US sanctions top spyware maker over claims it targeted thousands of Americans


The group consists of Intellexa S.A. (Greece), Intellexa Limited (Ireland), Cytrox AD (North Macedonia), Cytrox Holdings ZRT (Hungary), and Thalestris Limited (Ireland). 

Among the sanctioned individuals are Tal Jonathan Dilian, the group’s founder, as well as Sara Aleksandra Fayssal Hamou, a corporate off-shoring specialist providing managerial services.

Targeting Americans

Commercial malware is usually sold to government agencies around the world, who use it to target political opponents, journalists, human rights activists, and dissidents, the Treasury Department reported. 

In late May 2023, researchers analyzed a sample of the malware, and discovered that it can record audio from phone calls and VoIP apps, and steal data from chat apps such as WhatsApp or Telegram. Although not confirmed, the researchers believe the malware also allows for geolocation tracking, access to camera apps, and tricking the user into thinking the device is powered off (for easier use during the “off” time).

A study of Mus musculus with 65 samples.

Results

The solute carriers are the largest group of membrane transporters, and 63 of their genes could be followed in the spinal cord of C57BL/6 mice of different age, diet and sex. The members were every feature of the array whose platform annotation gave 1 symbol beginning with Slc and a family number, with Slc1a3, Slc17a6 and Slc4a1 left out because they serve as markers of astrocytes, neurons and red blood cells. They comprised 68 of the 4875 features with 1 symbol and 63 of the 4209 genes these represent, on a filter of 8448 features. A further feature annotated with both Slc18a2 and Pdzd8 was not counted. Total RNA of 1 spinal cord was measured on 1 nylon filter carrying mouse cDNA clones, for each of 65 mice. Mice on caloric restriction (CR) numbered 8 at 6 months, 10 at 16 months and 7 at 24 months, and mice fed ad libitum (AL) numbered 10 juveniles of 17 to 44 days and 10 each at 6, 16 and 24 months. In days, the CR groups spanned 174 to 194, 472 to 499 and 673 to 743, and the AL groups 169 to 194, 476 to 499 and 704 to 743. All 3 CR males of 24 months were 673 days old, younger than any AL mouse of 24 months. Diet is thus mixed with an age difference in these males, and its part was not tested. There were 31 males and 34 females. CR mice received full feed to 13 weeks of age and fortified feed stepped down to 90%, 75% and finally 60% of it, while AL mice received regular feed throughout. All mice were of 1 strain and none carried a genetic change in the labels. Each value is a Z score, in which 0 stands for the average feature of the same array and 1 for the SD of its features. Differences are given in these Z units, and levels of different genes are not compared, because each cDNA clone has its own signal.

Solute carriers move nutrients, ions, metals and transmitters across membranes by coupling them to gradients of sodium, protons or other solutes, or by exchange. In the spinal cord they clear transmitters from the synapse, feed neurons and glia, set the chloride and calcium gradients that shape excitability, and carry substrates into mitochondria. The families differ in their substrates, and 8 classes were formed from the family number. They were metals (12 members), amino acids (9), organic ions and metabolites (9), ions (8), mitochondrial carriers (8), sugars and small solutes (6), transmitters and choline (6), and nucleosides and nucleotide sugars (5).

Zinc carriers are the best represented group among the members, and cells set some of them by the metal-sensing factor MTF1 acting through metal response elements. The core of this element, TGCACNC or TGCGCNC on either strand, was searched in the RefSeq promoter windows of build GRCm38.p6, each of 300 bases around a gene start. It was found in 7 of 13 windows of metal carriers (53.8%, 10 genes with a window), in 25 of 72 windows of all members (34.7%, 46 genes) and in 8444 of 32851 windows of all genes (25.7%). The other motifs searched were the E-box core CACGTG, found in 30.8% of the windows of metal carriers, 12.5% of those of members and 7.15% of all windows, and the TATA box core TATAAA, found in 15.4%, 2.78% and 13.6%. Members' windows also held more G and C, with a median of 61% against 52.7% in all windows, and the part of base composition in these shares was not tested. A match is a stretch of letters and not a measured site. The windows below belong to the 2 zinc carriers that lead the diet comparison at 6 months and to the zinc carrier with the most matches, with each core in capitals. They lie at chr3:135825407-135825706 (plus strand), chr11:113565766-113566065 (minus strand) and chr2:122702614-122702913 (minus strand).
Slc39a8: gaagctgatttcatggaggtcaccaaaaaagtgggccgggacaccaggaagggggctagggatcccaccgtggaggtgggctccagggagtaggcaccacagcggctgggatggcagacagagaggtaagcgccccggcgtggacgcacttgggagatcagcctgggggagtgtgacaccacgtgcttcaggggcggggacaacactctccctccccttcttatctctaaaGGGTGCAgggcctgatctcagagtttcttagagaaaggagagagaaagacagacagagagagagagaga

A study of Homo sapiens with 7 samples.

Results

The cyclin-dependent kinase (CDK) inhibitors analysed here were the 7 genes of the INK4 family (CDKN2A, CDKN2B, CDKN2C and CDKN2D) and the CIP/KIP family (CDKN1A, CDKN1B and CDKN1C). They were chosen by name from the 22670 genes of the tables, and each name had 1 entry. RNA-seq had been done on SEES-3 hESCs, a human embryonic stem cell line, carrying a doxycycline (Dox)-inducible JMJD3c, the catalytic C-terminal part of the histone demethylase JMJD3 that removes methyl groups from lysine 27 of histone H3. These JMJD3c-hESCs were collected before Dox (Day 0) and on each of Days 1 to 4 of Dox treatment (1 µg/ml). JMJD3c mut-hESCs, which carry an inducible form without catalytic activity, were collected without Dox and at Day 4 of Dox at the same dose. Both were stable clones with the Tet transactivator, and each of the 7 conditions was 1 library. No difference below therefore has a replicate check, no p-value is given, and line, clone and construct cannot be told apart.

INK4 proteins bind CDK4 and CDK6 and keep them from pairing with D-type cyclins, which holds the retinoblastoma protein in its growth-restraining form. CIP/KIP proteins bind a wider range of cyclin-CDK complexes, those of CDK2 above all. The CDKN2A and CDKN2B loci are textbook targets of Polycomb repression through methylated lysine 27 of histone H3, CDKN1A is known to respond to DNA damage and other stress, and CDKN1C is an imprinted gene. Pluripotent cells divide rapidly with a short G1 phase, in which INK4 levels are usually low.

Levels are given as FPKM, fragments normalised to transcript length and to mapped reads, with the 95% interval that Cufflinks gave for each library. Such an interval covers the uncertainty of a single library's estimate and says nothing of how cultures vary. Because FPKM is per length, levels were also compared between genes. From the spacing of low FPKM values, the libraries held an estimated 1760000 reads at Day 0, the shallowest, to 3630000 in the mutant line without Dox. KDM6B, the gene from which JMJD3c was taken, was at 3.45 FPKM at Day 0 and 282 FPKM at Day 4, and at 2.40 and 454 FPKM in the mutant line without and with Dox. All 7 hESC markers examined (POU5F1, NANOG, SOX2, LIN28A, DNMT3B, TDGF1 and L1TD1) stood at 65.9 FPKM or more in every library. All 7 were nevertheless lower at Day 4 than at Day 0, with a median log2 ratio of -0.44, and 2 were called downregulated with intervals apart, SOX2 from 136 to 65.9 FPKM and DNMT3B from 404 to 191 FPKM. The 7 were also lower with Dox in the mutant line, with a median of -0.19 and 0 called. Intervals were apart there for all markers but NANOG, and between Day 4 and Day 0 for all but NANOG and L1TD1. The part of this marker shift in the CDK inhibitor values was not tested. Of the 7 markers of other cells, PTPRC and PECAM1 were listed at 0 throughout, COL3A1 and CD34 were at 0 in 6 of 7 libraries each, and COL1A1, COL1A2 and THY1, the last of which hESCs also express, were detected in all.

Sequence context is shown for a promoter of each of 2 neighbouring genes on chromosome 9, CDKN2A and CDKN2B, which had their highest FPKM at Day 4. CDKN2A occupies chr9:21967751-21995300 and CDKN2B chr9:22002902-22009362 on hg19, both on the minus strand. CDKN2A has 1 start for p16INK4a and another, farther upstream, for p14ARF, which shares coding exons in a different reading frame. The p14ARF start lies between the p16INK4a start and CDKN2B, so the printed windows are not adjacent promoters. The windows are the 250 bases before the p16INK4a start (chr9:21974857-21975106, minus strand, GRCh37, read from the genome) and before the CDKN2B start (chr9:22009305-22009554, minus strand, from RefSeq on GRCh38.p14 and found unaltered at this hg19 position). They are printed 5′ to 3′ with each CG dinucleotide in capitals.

The researchers also said that the list of features is not conclusive and that Predator could be capable of a lot more. The Department of Treasury sanctioned the group mostly because, as it said in the press release, Predator was used to target US government officials, journalists, and activists. 

The sanctions mean all assets belonging to both designated individuals, and companies, are blocked, and must be reported to the Department of Treasury’s Office of Foreign Assets Control (OFAC). Furthermore, US citizens and companies are not allowed to transact, or do business with, the blacklisted organizations.

The US government has sanctioned multiple companies and individuals involved in the development of commercial spyware, most notably NSO Group, an Israeli start-up that was blacklisted in late 2021 for building Pegasus.